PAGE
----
From there, throw in TV and radio commercials, billboards, and direct mail, and consumers face such a constant bombardment of digital and other messaging that the resulting decline in consumer responsiveness has been given a name: “Digital fatigue.”

Digital fatigue is itself a critically important concept for today’s digital marketers. However, it differs from “digital saturation,” a phenomenon which quite possibly does even more to underscore the ferocity of the competition that’s now taking place for consumers’ limited attention spans. So here’s what’s really meant by the term “digital saturation,” and how marketers can effectively respond to what is a bona fide game changer for businesses across all industries.

What Is “Digital Saturation,” Anyway?

A January 2018 survey reflected over 1.8 billion websites on the Internet, and while the majority of them receive almost no traffic, it goes to show just how immense the digital realm has become. In fact, the average U.S. adult now spends 11 hours a day (or more) consuming electronic media. That, coupled with the fact that the North American Internet-viewing audience is no longer increasing in size, and you have the recipe for “digital saturation,” whereby consumers have neither the time nor the propensity to consume more digital content than they do currently.

Becky Tasker of Adobe Digital Insights discussed the phenomenon of digital saturation, and its effects on marketers, by saying, in part:

“The free ride of increased traffic is over….Traffic increases due to Internet penetration have evaporated in North America. We’ve reached saturation now. Websites face a more competitive landscape, where you’re fighting to grow by taking share away from somebody else.”

3 Ways to Earn Consumers’ Attention Despite a Saturated Digital Landscape

So there you have it…digital saturation has helped create an era of heightened competition where marketers vying for consumers’ limited attention must do more to earn it, if not altogether steal it away from their competitors.

However, considering that 62% of websites have indeed increased traffic by 51% over the last three years, we do have the following “formula” which may help marketers earn consumers’ attention in spite of a “saturated” digital landscape:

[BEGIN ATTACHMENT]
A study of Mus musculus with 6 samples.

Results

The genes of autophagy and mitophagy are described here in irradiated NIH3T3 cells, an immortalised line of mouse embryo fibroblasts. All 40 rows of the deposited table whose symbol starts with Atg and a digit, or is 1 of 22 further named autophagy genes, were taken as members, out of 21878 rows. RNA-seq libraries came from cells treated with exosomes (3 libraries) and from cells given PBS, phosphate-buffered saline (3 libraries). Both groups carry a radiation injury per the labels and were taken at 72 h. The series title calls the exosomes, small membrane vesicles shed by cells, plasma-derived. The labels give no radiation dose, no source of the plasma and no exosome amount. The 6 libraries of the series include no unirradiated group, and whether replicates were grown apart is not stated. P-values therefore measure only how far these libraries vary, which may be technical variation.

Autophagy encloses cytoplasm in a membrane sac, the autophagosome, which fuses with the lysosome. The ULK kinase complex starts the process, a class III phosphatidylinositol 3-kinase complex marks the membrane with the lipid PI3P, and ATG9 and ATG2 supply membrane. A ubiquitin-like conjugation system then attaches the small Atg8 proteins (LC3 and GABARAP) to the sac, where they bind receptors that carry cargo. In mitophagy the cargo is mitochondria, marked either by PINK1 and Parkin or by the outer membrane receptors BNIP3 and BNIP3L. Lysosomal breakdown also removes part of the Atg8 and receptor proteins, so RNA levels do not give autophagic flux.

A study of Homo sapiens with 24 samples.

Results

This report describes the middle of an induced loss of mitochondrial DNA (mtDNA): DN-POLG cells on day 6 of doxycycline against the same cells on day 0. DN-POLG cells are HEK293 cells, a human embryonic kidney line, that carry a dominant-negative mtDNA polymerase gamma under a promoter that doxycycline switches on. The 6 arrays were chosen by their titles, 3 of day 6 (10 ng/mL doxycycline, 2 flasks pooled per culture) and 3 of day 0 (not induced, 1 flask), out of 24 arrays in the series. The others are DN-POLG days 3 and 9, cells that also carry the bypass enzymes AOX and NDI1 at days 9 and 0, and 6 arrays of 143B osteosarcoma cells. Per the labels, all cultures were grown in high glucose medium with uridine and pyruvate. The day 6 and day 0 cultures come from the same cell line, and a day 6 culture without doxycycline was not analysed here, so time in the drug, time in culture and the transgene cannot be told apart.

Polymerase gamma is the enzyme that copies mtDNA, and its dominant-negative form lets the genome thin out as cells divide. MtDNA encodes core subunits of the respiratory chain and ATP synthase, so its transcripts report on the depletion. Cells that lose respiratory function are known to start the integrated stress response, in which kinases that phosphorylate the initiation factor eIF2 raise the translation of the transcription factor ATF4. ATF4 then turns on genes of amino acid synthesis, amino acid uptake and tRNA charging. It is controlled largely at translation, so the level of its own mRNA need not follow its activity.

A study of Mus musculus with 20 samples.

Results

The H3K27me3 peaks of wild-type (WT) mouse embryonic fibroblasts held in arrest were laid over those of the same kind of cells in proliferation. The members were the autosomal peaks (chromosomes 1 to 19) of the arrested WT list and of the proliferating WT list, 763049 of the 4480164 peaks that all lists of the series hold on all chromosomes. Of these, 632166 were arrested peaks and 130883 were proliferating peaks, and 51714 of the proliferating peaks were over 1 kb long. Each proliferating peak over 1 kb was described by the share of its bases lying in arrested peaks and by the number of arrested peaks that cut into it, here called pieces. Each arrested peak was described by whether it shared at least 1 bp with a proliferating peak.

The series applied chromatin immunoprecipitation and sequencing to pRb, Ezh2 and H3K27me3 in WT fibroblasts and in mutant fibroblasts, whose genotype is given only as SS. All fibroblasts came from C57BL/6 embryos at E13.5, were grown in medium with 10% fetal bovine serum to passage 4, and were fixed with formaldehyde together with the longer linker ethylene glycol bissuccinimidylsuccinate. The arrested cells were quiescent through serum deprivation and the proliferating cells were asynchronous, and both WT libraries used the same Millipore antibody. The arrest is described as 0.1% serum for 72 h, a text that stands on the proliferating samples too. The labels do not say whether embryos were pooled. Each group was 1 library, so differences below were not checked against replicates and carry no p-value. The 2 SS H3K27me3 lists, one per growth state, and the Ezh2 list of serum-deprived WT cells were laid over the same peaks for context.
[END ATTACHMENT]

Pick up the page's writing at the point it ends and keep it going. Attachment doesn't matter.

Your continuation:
Develop a Consistent, Ominchannel Strategy

The strength of a company’s brand alone is not enough to get—and keep—consumers’ attention. Not surprisingly, though, top brands all seem to excel at creating an engaging and memorable digital experience. Think about your personal favorite for a moment, and whether it’s an industry leader like Amazon, or perhaps a smaller, local brand, you’re likely to see that your affinity for that brand is continually being driven not by just one channel—like email or social media marketing, for example—but by consistent interaction through a wide variety of digital (and even non-digital) channels.

This type of successful, omnichannel approach, then, will ensure a consistent message across key channels like email and social media, but also leverage the power and reach of paid search and sponsored content, video, apps, and even point-of-sale signage, for a seamless, customer-facing experience that today’s consumers not only desire, but demand and fully expect from the brands and companies they trust.

Don’t Abandon “Traditional” Marketing Methods

In an era of digital saturation, the saying “What’s old is new again” seems quite fitting, for “old” marketing methods like direct mail and particularly word of mouth are experiencing a renaissance, of sorts, with their relative outperformance being attributed, in part, to factors like digital saturation and fatigue among consumers.

Millennials, in particular, view third-party recommendations and feedback as being especially valuable. After all, this generation has matured amidst the rise of digital messaging, and we might infer from millennials’ general distrust for advertisers, and heavy use of technology, that saturation is particularly strong within this population.

Marketers, as a result, may be advised to craft an omnichannel strategy that optimizes, not eliminates, “traditional” methods like mail, radio spots, and others. The thinking is that a wider and less-digital presence may help get consumers’ ever-divided attention, and it’s the same reason marketers are also opting for more “pop-up” and grassroots-style efforts in the present environment as well.

Track Metrics That Really Matter

Here again, merely having a digital presence isn’t enough to overcome the headwinds created by competition and a saturated digital environment. Instead, marketers genuinely have to become proficient and drive results. That makes it both surprising and counterintuitive, then, that so many measure the effectiveness of their strategies using “vanity metrics,” things like email opens, website visits, video views, and social media likes, shares, and follows.

Vanity metrics tend to measure only the strength of your brand’s online or digital presence, and that doesn’t necessarily equate to real, marketing ROI, particularly if, for example, website visitors don’t follow through and share contact information, claim special offers, make purchases, or ultimately help champion your brand.

So as you develop, implement, and continually refine your strategy, be sure to track metrics that measure whatever success truly is for your organization. That might be driving sales, earning qualified, opt-in leads, encouraging length of stay and/or repeat visits, or any number of other, proprietary measures. Consciously positioning your strategy to achieve these meaningful objectives is crucial in an environment where your success may indeed come at the expense of your competition.

Thanks, Tracy Knight for your insights!